From the 13th of November until the 18th of November 2016, a ministerial delegation from Tunisia visited Belgium and the Netherlands in order to learn about good practices of their juvenile justice system, particularly regarding alternatives to detention and probation programmes. The International Juvenile Justice Observatory (IJJO) and UNICEF Tunisia organized this study visit. It was carried out within the framework of a project to improve the juvenile justice system in Tunisia, Projet d'appui à l'amélioration du système de justice juvénile (PARJ). The delegation is an acting steering committee on this project, which is financed by the European Union.
The first part of the study visit occurred in Brussels. The delegation had the opportunity to discover various institutions. First, they had a meeting with Bernard de Vos, Ombudsperson for children’s rights in Wallonia Brussels. They also met with the cabinet of the Ministry to Youth Aid, Houses of Justice and Promotion of Brussels for the Wallonia-Brussels federation. In addition, the delegation had a meeting with Belgian judges of the juvenile court.
In addition, the delegation met the director and a criminologist from the association S.T.A.R. (Services, Work and Remedial Action), as well as the directors of the associations L´Amarrage and Magic. These associations provide alternatives to detention services. They seek to integrate the young people in conflict with the law into society, and in their personal environment, via, for instance, educational programmes. They also focus on restoring the family dynamic.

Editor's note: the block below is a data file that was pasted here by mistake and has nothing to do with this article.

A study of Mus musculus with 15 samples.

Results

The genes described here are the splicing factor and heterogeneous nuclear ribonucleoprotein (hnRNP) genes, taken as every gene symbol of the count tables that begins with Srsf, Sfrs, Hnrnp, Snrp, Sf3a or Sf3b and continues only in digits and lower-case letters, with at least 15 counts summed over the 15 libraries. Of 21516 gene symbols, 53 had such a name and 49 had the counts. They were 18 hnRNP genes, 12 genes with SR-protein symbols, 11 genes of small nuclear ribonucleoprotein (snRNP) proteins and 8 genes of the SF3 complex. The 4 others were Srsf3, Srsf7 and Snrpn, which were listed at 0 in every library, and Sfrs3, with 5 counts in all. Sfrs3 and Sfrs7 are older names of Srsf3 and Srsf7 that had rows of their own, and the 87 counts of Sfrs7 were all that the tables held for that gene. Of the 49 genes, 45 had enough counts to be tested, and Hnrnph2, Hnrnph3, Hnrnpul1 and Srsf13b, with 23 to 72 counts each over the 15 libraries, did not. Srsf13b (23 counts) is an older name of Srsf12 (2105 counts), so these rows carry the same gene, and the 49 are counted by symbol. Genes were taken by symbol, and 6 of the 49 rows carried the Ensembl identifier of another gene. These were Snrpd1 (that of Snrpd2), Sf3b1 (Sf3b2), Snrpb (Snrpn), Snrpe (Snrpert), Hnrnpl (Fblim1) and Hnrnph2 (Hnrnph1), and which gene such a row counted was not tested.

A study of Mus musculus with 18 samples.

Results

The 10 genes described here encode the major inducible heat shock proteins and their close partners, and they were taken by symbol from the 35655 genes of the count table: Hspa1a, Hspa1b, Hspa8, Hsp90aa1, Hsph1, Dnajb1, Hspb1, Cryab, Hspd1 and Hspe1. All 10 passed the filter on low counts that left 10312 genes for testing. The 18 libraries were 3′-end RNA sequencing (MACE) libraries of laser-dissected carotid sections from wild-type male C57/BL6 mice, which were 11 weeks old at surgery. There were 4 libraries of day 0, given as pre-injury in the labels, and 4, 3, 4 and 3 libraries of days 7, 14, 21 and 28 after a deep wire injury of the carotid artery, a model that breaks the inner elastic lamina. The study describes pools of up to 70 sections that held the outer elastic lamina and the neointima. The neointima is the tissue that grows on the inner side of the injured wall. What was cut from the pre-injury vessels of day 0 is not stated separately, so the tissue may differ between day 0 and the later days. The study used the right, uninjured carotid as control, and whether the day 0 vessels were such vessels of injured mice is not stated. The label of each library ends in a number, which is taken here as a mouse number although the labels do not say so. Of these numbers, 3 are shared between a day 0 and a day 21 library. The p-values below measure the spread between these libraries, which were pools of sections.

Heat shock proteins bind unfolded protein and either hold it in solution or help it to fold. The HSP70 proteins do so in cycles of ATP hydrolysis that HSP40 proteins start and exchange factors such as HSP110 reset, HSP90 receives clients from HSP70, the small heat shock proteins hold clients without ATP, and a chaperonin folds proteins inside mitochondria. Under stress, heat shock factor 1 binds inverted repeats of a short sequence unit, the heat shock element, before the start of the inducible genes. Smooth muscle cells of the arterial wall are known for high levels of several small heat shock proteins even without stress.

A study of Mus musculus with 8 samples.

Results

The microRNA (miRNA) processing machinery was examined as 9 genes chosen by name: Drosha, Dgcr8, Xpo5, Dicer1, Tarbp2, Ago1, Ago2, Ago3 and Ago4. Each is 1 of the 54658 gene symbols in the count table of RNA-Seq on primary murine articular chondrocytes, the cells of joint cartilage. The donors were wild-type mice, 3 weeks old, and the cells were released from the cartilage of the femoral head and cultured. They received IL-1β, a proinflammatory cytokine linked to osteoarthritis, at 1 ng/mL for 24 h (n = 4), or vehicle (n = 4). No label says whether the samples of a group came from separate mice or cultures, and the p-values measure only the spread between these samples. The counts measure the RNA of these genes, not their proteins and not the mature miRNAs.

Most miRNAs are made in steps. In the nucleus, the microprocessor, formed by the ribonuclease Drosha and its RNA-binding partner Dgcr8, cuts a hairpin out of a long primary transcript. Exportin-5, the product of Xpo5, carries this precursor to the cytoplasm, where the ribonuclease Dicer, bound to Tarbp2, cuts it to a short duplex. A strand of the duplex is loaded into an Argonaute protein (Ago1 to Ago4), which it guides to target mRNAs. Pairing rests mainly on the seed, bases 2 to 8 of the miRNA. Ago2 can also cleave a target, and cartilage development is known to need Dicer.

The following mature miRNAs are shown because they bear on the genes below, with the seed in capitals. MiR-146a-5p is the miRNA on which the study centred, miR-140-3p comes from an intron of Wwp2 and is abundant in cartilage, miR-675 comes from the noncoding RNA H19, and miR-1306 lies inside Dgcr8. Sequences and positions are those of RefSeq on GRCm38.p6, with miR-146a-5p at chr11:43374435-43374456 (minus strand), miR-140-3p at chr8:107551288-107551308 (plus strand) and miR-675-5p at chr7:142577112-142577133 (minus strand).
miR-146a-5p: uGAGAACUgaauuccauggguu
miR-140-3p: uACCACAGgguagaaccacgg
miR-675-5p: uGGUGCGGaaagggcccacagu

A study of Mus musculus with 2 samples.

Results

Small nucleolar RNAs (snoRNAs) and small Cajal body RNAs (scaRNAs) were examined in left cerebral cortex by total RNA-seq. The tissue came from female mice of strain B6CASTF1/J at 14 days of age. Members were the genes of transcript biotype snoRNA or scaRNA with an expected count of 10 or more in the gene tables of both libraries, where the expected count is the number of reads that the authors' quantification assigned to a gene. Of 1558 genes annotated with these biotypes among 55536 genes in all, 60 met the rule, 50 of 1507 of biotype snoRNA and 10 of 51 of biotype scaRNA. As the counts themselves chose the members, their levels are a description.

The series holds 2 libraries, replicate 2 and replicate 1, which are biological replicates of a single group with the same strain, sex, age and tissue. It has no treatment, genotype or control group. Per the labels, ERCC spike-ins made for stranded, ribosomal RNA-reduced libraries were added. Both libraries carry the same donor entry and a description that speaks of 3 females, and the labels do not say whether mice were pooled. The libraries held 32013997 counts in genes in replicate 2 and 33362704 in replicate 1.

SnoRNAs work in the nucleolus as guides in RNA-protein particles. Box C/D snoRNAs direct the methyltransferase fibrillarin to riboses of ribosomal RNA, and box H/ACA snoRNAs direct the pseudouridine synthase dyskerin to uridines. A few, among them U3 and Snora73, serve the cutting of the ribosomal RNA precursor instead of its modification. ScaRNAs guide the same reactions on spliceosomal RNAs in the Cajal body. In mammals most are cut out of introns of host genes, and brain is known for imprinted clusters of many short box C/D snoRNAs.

Furthermore, a visit was organized with members of the association La Pommeraie, which supervises and monitors young people in conflict with the law, and with a member of the European Council for Juvenile Justice (ECJJ), Professor Els Dumortier, who specialises in juvenile justice at Vrije Universiteit of Brussels.
In addition, the delegation had the opportunity to hear the point of view of the general co-director of the French Belgian service in charge of juvenile detention centres, Institution Publique de Protection de la Jeunesse (IPPJ), and the director of one of these centres.
The second part of the visit took place in Rotterdam, Amsterdam and Leiden. The Tunisian delegation had the occasion to meet with the representatives from the alternatives to detention programmes Multi System Therapy (Rotterdam), Tools4U (Amsterdam) and Halt Programme (Amsterdam), which work first-hand with youth in conflict with the law. These programmes are featured in the IJJO manual of good practices "Juvenile Offenders Detention Alternatives in Europe".
This study visit also allowed the Tunisian delegation to meet with members of the European Council for Juvenile Justice based in the Netherlands, namely Professor Ton Liefaard, holder of the UNICEF Chair in Children’s Rights at the University of Leiden and deputy juvenile judge at the District Court of Amsterdam, and Kelly Tji, from the 180 Foundation. This Foundation puts into place intervention programmes to incentive the social promotion of youth in conflict with the law.
The IJJO is thankful for the availability of the hosts, without which the study visit would have not occurred, and greatly appreciates the professionalism, efforts and experience they have shared with the delegation.